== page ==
Since 1997, Candice Schwager has been serving Texas with the single purpose of making a difference. Candice is currently offering a complimentary 30 minute consultation to those in need of legal representation. Call (832) 315 - 8489 or e-mail firstname.lastname@example.org
Latest posts by Candice (see all)
- Money talks, the Disabled don’t? I don’t think so - May 12, 2017
- Social media can hang you in a divorce - April 27, 2017
- Child Custody Evaluations ~ Rolling the Dice on your Child’s future? - March 11, 2017
Parents frequently asked “How is primary custody determined by the Courts?” The term “primary custody” is commonly used jargon to describe the Parent with the exclusive right to designate the child’s primary residence, since parents will be deemed Joint Managing Conservators in most cases (“JMC”). Joint Managing Conservator denotes the fact that both parents have the same rights and duties, with the exception of the parent who will provide the child’s residence. The Texas Family Code contains a rebuttable presumption that it is in the best interest of the child to have both parents co-parent and Courts rely upon the
Standard Possession Order in most cases.
Circumstances that might cause a Court to deviate from a Standard Possession Order or Joint Managing Conservatorship incude: prior family violence towards any member of the family, whether either Parent has a history of abuse or neglect (both of which would prohibit a JMC), whether the Parents can peacefully co-parents, and other factors that might render a Parent unfit to serve as JMC. See Tex. Family Code § 153.004. The factors generally considered include:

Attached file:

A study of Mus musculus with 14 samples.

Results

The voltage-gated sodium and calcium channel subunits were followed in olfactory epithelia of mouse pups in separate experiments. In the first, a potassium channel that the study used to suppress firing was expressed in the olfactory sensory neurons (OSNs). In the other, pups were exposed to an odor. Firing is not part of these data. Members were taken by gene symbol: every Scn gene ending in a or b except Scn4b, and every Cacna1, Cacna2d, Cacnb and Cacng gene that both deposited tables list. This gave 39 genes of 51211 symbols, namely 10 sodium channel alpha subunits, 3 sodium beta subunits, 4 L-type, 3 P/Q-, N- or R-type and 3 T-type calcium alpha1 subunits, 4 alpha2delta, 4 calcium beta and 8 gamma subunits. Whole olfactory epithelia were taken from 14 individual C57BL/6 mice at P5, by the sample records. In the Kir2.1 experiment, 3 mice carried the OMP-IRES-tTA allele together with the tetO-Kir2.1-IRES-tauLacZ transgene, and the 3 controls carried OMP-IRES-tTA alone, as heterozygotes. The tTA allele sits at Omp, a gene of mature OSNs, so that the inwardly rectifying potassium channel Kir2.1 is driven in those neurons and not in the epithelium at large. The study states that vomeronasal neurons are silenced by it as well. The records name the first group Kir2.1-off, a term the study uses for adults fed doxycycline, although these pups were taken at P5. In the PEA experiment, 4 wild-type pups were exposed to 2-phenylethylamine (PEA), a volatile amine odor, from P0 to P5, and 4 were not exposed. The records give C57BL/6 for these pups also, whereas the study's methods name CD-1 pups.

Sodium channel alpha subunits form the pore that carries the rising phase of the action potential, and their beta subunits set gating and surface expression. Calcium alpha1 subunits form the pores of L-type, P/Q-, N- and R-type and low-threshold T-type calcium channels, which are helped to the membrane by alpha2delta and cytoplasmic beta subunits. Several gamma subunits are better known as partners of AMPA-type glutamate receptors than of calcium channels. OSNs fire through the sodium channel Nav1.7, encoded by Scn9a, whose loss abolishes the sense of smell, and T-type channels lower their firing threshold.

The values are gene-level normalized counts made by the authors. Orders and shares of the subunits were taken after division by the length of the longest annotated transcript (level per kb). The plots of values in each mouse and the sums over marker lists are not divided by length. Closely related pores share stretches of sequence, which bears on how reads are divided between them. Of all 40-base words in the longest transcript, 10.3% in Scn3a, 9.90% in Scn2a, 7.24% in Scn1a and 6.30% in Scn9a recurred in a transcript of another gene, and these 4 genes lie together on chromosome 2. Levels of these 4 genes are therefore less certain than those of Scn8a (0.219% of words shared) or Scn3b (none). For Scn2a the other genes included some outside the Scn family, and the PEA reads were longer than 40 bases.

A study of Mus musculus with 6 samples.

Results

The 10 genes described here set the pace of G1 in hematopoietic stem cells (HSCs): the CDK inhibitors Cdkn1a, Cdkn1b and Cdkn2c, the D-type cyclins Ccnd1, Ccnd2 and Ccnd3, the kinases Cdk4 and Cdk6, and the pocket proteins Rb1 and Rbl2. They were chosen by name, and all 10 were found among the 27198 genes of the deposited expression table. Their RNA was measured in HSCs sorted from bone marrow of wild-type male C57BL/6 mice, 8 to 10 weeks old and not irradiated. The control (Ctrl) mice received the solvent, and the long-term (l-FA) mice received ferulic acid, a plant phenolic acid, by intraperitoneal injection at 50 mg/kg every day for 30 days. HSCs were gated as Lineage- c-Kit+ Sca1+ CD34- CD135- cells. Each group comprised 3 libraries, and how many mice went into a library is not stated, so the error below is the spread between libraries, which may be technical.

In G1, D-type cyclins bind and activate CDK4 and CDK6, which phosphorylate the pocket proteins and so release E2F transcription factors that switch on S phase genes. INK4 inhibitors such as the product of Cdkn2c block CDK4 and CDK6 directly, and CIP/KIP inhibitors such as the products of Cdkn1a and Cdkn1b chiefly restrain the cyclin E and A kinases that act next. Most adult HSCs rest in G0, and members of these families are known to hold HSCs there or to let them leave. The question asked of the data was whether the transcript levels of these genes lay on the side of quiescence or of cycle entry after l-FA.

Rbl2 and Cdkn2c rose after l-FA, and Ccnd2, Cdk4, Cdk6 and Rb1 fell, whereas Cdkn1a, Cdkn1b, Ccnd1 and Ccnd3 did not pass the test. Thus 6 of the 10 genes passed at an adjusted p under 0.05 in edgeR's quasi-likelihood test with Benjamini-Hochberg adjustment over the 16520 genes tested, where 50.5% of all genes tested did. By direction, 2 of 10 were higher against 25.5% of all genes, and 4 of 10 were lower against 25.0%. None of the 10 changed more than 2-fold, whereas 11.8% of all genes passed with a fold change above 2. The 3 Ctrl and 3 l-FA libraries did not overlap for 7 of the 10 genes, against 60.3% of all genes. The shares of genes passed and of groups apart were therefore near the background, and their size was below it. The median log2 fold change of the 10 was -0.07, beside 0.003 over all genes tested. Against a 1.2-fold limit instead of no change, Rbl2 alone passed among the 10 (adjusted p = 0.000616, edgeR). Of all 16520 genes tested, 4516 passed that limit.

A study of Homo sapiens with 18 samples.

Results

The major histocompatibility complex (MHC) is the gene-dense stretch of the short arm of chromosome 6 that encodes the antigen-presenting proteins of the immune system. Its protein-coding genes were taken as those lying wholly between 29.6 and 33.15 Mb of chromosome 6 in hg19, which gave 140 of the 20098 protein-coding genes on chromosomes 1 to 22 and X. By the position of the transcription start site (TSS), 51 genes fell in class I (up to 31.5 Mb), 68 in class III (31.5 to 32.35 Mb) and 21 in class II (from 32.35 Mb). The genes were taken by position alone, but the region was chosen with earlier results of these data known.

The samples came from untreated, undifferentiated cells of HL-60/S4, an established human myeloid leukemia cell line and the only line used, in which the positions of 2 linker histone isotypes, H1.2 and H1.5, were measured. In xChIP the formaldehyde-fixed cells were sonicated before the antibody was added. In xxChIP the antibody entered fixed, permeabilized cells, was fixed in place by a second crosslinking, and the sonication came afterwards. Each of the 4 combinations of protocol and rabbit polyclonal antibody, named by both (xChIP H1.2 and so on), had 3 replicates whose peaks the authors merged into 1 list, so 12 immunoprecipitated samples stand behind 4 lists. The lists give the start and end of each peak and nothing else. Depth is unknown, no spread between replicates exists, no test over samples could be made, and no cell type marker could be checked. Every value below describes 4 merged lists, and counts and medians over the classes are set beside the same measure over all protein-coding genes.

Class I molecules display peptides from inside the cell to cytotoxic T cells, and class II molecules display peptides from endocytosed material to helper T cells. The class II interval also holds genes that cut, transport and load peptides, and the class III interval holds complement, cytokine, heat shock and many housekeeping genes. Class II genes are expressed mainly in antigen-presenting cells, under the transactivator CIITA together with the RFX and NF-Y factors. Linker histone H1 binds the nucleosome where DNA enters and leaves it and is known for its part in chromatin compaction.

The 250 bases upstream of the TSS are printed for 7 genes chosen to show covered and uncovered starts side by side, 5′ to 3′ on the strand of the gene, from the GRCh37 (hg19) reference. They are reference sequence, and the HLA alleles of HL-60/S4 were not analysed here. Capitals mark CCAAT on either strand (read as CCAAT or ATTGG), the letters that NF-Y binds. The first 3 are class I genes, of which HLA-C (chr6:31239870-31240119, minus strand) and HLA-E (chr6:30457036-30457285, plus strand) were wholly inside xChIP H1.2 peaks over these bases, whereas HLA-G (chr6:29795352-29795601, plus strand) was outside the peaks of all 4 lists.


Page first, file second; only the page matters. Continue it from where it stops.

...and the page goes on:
The parent’s ability to give first priority to the child’s welfare;
The parent’s ability to reach shared decisions in the child’s best interest;
The parent’s ability to encourage and accept a positive relationship between the child and the other parent;
The parent’s role/participation in the child’s rearing;
Whether appointment of the parent as JMC will benefit the child’s physical, psychological and emotional needs and development; and
Where the parents live in relation to one another.
See Tex. Family Code § 153.134.
If one parent has clearly been uninvolved in caring for the child’s basic needs and upbringing, has not been active in the child’s daily activities and schooling, disparages the other parent or actively discourages the child from a relationship with the other parent, abuses alcohol or other substances (legal or illegal), has frequent emotional outbursts, demonstrates lack of self-control, or otherwise shows an inability to exercise good parental judgment, the court is less likely to appoint that parent as a JMC, and will instead consider granting “primary custody” to the other parent.